Chinese companies are famous for their business acumen, but a domestic car brand has just taken this to a new level.
Domestic carmaker Wuling on Wednesday unveiled a low-cost mini-van with wing-like planks that can transform the vehicle into a roadside stall instantly.
The company said this would be the “standard issue” for the street economy, which has gained government backing as the economy strives to get back on its feet following the economic shock of COVID-19.
The company, an icon on Chinese social media platforms where it’s known as the “divine instrument for returns on investment” for its low-cost commercial van offerings, seized an opportunity just two days after Chinese Premier Li Keqiang acknowledged that roadside stalls and small shops are important sources for jobs during an inspection tour on Monday.
It is not the first time Wuling has fast-tracked a product. Wuling quickly switched into face mask production in just three days when the COVID-19 caused a severe shortage of the medical product in February.
The freight van with its falcon wing became one of the most discussed topics on China’s WeChat social media platform, attracting over 100,000 views as of press time on Wednesday.
Cong Yi, a professor at the Tianjin University of Finance and Economics, told the Global Times on Wednesday that fast adaptability by Chinese companies to market needs are helping the Chinese economy on its recovery, which is the fastest in the world.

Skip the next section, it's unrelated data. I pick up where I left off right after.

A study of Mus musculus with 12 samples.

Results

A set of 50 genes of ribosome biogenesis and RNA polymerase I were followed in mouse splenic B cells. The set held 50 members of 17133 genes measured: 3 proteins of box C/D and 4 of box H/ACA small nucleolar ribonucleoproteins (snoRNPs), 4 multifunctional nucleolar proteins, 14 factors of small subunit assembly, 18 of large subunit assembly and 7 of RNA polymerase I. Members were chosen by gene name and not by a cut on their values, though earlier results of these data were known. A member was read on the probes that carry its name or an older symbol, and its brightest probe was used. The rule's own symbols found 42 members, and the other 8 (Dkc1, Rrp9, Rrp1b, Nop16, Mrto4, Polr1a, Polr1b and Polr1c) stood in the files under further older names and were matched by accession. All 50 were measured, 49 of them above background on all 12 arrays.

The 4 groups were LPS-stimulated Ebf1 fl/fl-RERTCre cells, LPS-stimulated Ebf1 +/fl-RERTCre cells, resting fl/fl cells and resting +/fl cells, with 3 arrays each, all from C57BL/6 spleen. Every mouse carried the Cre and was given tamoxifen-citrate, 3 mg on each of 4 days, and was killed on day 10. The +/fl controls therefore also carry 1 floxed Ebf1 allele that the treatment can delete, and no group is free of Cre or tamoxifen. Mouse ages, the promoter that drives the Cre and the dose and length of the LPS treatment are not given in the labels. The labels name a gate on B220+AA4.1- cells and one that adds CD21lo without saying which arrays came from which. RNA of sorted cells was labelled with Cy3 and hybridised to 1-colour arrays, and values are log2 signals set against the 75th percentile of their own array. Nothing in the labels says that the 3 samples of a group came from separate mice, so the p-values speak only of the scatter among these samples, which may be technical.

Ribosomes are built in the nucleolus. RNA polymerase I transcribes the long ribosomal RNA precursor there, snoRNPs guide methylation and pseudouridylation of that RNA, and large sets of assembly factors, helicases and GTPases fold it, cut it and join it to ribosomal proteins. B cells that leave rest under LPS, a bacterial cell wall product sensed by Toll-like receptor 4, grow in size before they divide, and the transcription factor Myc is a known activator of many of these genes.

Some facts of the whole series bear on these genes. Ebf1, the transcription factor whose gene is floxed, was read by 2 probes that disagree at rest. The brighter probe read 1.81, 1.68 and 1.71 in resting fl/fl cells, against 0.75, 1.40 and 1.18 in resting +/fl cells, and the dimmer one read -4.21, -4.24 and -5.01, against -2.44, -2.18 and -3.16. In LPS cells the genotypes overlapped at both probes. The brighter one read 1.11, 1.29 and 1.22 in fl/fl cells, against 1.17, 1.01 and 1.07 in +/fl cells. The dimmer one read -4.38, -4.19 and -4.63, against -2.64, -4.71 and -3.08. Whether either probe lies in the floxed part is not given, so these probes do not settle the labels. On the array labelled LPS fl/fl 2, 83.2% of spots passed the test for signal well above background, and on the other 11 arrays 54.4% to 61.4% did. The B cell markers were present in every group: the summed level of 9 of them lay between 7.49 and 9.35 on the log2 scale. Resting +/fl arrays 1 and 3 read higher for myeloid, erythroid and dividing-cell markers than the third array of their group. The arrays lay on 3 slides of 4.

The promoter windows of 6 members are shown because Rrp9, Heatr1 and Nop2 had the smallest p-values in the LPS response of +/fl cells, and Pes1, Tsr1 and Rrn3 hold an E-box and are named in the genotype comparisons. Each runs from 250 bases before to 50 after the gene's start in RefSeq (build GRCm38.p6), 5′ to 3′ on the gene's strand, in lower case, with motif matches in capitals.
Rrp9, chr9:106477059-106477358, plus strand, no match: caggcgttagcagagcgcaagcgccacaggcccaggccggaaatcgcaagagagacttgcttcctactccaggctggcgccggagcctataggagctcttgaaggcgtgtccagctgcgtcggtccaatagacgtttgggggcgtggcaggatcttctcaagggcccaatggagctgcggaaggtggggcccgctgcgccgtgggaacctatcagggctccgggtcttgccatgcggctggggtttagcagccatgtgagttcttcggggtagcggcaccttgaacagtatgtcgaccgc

Others pointed out such vans could help cities regulate street-side businesses using car license plates. Many pointed out that even as the country is developing street economies, there is a need to maintain order and tidiness in urban areas.
The van is priced at 60,000 yuan ($8,440) with the earliest delivery by the end of June, according to media reports.
China is encouraging street vendor business to shore up employment and boost residents’ incomes after the sudden outbreak of COVID-19 during the winter caused a severe loss to the economy and diminished jobs on a massive scale.
China’s Central Civilization Committee office announced last week that it would cease to include street vendors who occupy outdoor spaces or other public areas into city assessments for 2020, indicating a temporary relaxation on the already-tight management of the country’s street food sector.